Brian when I chose the Xantrex, probably for the extra duplex outlets and the pretty digital display, I decided to get the biggest inverter I could afford. (Go big or go home, right?) Others might need 1500 watts, but I've always been a low voltage kind of guy. Say, did I mention it's all been working swell?

I plugged in my Dewalt 3/8ths drill just yesterday.
MyronL, referring back to my post #4, I think you should connect + of one battery to - of second battery with jumper cables. That should satisfy everything.
There is a cable connecting the batteries, as there must be or nothing would work. It's kinda small, but it's there.
Escape installed the inverter with the negative cable going to the frame? I haven't seen that in other Escape installations. Perhaps they only wire the 1500 watt inverters directly to the batteries.

Brian when I chose the Xantrex, probably for the extra duplex outlets and the pretty digital display, I decided to get the biggest inverter I could afford. (Go big or go home, right?) Others might need 1500 watts, but I've always been a low voltage kind of guy. Say, did I mention it's all been working swell?

I plugged in my Dewalt 3/8ths drill just yesterday.
The lowest-power corded Dewalt 3/8" drill draws 6.7 amps (at 120 volts) at full power - that's over 70 amps of 12-volt DC power, well beyond the 600 watt rating of the inverter, and more than the 60 amps of the calculations. Although the drill will work if not fully loaded, the current draw is still substantial. It will work; it's just not efficient and not tolerant of low battery voltage.
I installed the inverter. All heavier gauge than the (Escape) green wire to the frame, AWG4.
So Escape didn't really create this whole setup, since Myron added the inverter. I have no concerns with Escape's part, only the negative side of the inverter addition. I also have no concerns with the use of 4-gauge cables for the inverter.

By not connecting the inverter's negative cable directly to the battery, all current used by the inverter has been forced to flow through that green cable. The green cable and the cable connecting the two batteries were presumably not intended by Escape for the load of an inverter, and at least the green cable to the frame appears to be undersized for the total load with the added inverter; however, if it is large enough and the total length of cable is not too large, then everything is fine.

At low currents, the amount of voltage drop is rarely a problem, but as you get close to the rating of the wire some start to show up. Some wire is rated at 90C or higher, hot enough to concern some, particularly if you are using connectors, switches & fuse blocks that are not rated for the same or higher temperature.

To me, the real problem with voltage drop is the inverter shutting down while you still have usable battery capacity. If there is enough voltage drop that the input at the inverter is below 11 volts, most will alarm. Below 10 volts and most shut down. If your battery was really at 10 volts, that would be good since it prevents permanent damage. The reality is some of the voltage drop is in the battery, some in the wire, some in the connections, and some in the inverter. As soon as you shut the inverter off, the voltage at the inverter input jumps back to near the battery voltage, usually much higher than it was when under load.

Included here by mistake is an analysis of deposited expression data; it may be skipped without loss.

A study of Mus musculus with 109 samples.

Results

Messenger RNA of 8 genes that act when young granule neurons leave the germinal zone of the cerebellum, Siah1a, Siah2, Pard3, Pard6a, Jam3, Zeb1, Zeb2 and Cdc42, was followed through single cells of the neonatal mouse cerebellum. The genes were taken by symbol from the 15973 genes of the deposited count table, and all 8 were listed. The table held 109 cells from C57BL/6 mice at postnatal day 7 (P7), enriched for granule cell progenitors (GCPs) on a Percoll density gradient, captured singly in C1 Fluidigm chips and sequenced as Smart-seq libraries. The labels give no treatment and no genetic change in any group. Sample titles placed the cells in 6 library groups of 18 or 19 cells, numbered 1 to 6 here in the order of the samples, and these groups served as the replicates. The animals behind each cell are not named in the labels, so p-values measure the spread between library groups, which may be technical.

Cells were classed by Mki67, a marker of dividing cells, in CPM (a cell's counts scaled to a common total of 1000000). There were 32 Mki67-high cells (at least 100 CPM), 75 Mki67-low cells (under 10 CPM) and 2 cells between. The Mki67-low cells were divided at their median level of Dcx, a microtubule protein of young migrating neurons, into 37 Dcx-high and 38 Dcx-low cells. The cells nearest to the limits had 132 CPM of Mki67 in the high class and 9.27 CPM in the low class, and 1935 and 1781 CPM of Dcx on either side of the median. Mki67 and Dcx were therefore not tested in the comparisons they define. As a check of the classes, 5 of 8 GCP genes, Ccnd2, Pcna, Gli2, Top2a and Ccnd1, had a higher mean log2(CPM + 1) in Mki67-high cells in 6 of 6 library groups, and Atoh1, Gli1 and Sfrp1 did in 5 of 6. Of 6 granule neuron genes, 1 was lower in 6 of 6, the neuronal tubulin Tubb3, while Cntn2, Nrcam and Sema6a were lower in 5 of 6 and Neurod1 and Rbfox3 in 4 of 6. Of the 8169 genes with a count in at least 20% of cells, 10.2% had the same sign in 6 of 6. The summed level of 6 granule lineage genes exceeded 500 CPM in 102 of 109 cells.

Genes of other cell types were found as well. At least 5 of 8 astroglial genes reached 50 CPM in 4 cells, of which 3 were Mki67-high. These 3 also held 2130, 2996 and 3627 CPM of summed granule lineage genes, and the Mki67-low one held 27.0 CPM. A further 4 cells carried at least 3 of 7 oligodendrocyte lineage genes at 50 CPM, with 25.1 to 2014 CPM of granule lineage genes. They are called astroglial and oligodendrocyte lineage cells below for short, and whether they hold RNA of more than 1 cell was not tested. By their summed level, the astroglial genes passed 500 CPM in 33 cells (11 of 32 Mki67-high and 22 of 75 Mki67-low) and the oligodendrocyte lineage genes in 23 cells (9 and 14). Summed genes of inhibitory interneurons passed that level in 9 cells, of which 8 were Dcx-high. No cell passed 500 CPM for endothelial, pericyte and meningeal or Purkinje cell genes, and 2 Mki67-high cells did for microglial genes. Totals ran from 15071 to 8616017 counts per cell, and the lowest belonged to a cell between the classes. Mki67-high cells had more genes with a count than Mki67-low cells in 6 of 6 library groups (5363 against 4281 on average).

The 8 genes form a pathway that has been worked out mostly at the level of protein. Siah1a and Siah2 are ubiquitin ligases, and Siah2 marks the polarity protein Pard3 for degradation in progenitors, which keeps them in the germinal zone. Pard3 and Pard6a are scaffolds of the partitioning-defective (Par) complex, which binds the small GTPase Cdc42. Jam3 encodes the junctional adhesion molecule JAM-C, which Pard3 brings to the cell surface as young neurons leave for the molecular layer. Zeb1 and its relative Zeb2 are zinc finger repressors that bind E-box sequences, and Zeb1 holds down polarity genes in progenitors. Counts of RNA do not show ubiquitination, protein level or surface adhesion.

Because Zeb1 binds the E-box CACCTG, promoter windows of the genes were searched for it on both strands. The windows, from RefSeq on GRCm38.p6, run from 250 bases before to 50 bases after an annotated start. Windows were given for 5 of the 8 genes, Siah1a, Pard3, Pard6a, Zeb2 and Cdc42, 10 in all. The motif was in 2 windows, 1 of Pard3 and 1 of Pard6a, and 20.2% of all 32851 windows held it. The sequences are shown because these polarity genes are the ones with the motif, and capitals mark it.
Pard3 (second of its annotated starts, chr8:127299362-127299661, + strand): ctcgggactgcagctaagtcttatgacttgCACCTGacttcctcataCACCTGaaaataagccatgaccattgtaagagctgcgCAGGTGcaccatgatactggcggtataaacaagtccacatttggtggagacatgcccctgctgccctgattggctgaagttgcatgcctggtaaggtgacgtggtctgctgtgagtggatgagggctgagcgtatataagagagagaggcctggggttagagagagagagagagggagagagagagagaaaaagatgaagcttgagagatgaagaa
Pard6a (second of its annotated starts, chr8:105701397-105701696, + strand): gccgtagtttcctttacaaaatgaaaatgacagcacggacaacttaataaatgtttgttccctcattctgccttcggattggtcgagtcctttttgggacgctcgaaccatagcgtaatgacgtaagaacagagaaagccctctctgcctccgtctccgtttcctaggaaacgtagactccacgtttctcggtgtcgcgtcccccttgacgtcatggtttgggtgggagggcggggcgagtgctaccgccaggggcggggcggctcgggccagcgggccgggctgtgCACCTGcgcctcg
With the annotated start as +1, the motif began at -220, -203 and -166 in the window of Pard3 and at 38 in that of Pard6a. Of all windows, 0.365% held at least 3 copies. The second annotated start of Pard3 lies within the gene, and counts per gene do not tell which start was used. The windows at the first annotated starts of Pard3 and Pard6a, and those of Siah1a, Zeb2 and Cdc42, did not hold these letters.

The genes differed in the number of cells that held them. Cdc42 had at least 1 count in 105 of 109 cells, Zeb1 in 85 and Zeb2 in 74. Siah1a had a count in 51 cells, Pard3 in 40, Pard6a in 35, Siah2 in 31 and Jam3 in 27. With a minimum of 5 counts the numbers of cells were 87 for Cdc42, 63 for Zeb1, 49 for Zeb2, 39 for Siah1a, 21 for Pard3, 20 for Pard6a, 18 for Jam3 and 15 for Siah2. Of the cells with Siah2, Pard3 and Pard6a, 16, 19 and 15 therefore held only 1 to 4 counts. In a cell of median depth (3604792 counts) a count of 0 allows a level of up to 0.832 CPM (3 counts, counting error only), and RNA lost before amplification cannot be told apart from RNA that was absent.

Going with larger than required wire size will let you run the inverter longer or at times the batteries are down from full. Since most of the work is running the wiring, going with oversized wire will help prevent hassles in the long run. This is the reason Xantrex recommends at least #0 wire for its inverter installations even though their inverters under 2000 watts don't require it by code for short cable runs.

Myron and those with solar and batteries in the front storage box.

Second, it is just good practice to isolate batteries from something you are adjusting or connecting in case of a dropped tool. So that slipped screwdriver does not create a light and sound show. Keeping non essential things out of the battery box and keeping the box closed while working is an important safety practice.

The third reason is the gas that is present in the battery box can cause a premature failure in the electrical components of a charger/controller, it is just plain hard on electronics. So keeping that controller outside eliminates that problem.
I recalled seeing Myron's photo of his front storage box and noticing that the solar controller/charger was mounted inside the box. When I had my 19' the front storage box had not been released, so I do not know how the batteries are stored. From the photos it appears there are two separate battery boxes, the type with vents on the lid. Is there any venting system of those battery boxes to the outside of the storage box?

If not, then some care must be taken when installing the controller/charger inside the front storage box. If the batteries are venting into the front storage box then that box becomes a battery box and the issues stated above may apply.

Expect many years service from a quality converter. Manual says the closer the solar converter is to protected batteries, the better. Have zero reason for concern about an explosion caused by a sparking solar converter. Scary thought but believe in my application irrelevant. Plenty of ventilation in my not very tightly sealed (outer) storage box. Lid always remains open when solar wires are connecting to remote panels. Not to worry.